Authentic marmalade—the kind made from bitter, sour Seville oranges—is not for wimps. Its sweet, tart, astringent, and spicy notes battle fiercely for supremacy on the palate; it is the fruit preserve of choice among those who love a good fight. No surprise, then, that marmalade is most closely associated with Scotland.
I lived in Scotland for several years and, in my experience, the Scots are a smart, tough-minded, practical lot who have little patience for “whinging” and who readily embrace a challenge. This is a country in which mountains are referred to as “hills,” where the natives express their cultural pride by donning kilts and throwing telephone poles around, and where the ability to hold one’s own in a pub debate is the most admired of social traits. So marmalade is, in my opinion, an excellent culinary emblem for the Scots. A smear of Nutella on your morning toast might gently coax you into a difficult day, but a spoonful of Seville orange marmalade slaps you upside the head and admonishes you to get on with it.
Even the process of making the marmalade smacks of ruthlessly rugged Scotland, and my recipe reflects the non-essential, though culturally correct step of warming up sugar in the oven. It might seem unusual, but I’ve seen it in many traditional recipes, and I think I’ve figured out the reason behind it. Marmalade is usually made during the short Seville orange season (the fruit themselves are a rugged, persnickety lot; they’re available for about three weeks in January and can be frozen whole for several months before using), and I can tell you from experience that a Scottish kitchen can be a chilly place because many homes in rural areas are still not centrally heated. Adding cool sugar to a bubbling pot of marmalade would slow the process considerably. Out of deference to the Scots, I don’t skip this step, even though my kitchen is fairly warm.
Here’s my favorite way to eat real marmalade. I slice a thick piece of sourdough bread and spread it with unsalted butter; then I sprinkle that butter with flaky sea salt. I spoon a generous amount of marmalade over the butter and spread it to the edges. Each bite is sweet, salty, spicy, bitter, and chewy—“gorgeous,” as the Scots would say. You should try it, if you’re tough enough.
First weigh out around 2 pounds of Seville oranges. It’s okay if they’re a bit green or blemished, but I throw out any that have soft spots. Add two lemons for their flavor and pectin. Since all these peels are going into the marmalade, give the fruit a good scrub with a drop of liquid soap and rinse well.
Place the scrubbed fruit in a Dutch oven and add 10 cups of water. Bring the fruit to a boil over high heat.
When the fruit has come to a boil, turn the heat down until the water is just simmering. Cover the Dutch oven with heavy-duty foil (or a double layer of regular foil) and place the lid on top.
Let it simmer away unattended for about 2½ to 3 hours, until the fruit is so soft it can be easily pierced with a skewer. Take the Dutch oven off the heat and let everything cool overnight.
The next day, place the sugar in a roasting pan and cover it with foil and place it in a 250-degree oven to warm through. Put freshly washed jars in the oven, too.
Remove the fruit from the Dutch oven, and leave the water (which is thick with valuable pectin) in the pot. Sometimes the cooked fruit is so delicate the skin breaks, but that’s not a problem. Cut the fruit into quarters and scrape the pulp and seeds back into the Dutch oven reserving the peels.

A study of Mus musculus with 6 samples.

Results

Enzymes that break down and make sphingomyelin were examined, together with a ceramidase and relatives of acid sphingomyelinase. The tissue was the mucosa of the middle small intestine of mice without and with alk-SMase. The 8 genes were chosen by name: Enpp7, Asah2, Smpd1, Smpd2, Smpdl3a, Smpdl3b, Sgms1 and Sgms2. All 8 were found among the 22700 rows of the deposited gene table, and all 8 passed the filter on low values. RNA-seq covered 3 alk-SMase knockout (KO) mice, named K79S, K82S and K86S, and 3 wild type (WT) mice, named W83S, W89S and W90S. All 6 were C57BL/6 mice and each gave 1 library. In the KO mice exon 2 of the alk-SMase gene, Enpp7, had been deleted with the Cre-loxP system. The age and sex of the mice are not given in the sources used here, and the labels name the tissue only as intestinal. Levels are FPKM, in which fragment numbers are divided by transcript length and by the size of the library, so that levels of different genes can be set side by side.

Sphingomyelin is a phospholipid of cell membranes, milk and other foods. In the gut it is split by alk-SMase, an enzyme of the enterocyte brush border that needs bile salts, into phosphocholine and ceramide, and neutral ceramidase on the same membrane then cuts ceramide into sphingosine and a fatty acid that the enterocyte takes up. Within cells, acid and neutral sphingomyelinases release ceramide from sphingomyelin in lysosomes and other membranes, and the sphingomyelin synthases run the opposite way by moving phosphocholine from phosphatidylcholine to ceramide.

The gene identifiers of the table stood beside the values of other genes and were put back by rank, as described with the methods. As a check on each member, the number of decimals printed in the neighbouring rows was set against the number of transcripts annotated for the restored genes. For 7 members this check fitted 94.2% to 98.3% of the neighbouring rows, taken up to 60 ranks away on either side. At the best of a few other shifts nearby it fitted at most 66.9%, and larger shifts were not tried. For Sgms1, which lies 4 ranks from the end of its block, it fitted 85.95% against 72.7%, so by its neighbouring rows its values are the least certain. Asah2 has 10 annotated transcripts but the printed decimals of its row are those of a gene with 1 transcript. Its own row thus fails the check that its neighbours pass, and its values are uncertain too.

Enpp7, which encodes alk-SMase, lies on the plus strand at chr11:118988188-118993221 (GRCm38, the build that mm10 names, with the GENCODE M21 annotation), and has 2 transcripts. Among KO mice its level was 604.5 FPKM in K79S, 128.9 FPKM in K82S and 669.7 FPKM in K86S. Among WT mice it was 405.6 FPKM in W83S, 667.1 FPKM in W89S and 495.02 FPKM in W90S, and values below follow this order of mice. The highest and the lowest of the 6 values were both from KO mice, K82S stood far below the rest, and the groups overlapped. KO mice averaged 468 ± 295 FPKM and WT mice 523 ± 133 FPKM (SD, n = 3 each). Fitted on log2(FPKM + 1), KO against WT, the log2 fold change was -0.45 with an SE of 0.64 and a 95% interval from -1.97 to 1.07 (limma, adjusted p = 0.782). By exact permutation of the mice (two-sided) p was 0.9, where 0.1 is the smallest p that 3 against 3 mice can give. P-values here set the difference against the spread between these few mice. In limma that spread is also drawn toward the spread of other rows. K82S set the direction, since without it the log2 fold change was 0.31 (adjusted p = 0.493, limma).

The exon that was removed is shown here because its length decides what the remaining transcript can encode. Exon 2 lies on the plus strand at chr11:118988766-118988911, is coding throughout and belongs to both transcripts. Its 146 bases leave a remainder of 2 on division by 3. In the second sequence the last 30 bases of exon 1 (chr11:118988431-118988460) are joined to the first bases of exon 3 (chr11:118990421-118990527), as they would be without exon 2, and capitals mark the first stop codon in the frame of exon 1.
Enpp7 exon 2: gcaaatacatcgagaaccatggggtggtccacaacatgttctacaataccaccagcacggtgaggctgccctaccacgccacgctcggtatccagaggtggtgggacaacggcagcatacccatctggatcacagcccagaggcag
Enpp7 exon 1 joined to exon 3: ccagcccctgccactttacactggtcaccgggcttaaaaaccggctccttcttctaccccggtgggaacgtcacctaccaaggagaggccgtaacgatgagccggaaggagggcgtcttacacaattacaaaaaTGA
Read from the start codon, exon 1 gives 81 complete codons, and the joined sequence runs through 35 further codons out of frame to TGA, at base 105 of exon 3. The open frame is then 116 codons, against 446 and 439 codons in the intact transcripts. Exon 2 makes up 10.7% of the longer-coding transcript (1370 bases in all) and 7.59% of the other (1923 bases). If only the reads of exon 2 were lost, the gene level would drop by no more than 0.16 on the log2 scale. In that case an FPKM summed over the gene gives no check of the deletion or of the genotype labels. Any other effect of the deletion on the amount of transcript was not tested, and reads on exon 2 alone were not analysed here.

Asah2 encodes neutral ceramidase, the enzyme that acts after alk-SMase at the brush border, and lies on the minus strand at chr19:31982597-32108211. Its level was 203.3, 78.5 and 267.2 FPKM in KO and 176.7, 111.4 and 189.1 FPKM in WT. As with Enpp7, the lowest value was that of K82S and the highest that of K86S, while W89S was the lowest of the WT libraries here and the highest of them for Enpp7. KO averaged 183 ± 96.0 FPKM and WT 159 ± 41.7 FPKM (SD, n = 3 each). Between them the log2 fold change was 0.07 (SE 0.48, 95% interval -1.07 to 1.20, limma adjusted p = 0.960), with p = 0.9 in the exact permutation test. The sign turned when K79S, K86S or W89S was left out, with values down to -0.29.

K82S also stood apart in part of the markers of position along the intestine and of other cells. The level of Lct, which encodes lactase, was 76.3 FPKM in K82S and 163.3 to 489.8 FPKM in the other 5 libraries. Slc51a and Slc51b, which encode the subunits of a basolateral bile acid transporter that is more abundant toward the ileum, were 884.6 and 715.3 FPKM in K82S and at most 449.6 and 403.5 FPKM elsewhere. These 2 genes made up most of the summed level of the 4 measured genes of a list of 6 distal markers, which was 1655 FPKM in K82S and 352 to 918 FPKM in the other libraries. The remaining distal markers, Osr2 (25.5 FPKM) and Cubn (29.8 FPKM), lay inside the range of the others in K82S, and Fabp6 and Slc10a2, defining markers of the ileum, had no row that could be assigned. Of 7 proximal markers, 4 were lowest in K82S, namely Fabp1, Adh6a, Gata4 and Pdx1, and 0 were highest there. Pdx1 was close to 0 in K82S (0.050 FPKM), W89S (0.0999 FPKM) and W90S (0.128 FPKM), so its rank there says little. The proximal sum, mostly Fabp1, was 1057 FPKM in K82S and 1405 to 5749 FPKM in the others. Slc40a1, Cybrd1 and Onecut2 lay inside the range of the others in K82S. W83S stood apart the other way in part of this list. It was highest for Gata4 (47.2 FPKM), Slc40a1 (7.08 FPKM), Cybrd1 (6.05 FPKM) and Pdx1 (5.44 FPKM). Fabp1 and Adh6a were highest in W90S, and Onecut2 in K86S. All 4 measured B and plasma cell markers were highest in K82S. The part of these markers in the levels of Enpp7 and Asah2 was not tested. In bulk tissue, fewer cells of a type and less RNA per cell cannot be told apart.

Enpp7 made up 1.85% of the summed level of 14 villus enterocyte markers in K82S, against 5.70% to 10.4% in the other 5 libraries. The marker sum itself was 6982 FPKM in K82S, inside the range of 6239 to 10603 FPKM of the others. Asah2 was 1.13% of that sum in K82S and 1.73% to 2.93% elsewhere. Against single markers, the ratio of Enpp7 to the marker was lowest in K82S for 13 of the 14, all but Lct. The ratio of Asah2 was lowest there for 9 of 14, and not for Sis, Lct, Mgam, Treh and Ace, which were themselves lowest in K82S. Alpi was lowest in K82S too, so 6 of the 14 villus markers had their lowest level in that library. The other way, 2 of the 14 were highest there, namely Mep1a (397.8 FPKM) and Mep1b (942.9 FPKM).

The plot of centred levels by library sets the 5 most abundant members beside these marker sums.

I like to stack the peels. Yep. That’s right. I’m that person.
There’s still more pectin-y goodness to be extracted from the pulp and seeds, so when all the guts are in the pot, I squish them up with my hand, just to make sure all the pectin is as exposed as possible. Bring it all to a boil over high heat again. After it comes to a boil, let it bubble away for 10 full minutes, which is just enough time to chop up the peel.
I take those stacks of peels and slice them length-ways into 4 or 5 strips and then cut them crossways into shreds. A lot of people complain about the chopping part of marmalade production, but since the fruit is cooked until soft, it’s actually really easy. (Seriously. And not because I’m a trained cook with a fancy knife, either.) You could almost do this with a plastic spoon. Some might prefer to chop the peel in the food processor. I couldn’t possibly comment on that.
When the guts have been boiling for 10 minutes, strain the liquid into a bowl and stir and press the solids lightly, just to get all the good stuff out.
Then, finally, the guts are discarded and the liquid goes back into the pot. Add the chopped peel and bring it to a boil again. This is starting to seem a bit repetitive, I know, but we’re entering the home stretch.
Add the warm sugar to the pot, and stir until sugar is fully melted. Turn the heat up and bring the mixture to a boil. I let it boil for about 30 minutes before I start testing it to see if it has reached the setting point.
After 30 minutes, put a teaspoonful of hot marmalade on a cold plate and place it in the freezer to chill for a couple of minutes. Take the plate out of the freezer, and push at the jam with your finger. If it wrinkles, it’s done. If it doesn’t wrinkle, let the marmalade cook for another 10 minutes and test it again, and repeat the process until it’s done. Then remove the pot from the heat and let it cool and thicken for about 20 minutes.
I want the marmalade to be fairly thick (but still hot) when I transfer it to the jar. This ensures that the peel will be evenly distributed throughout the jars, rather than just floating to the top. When the marmalade is sufficiently thickened, I ladle it into the warm jars and put the lids on and seal.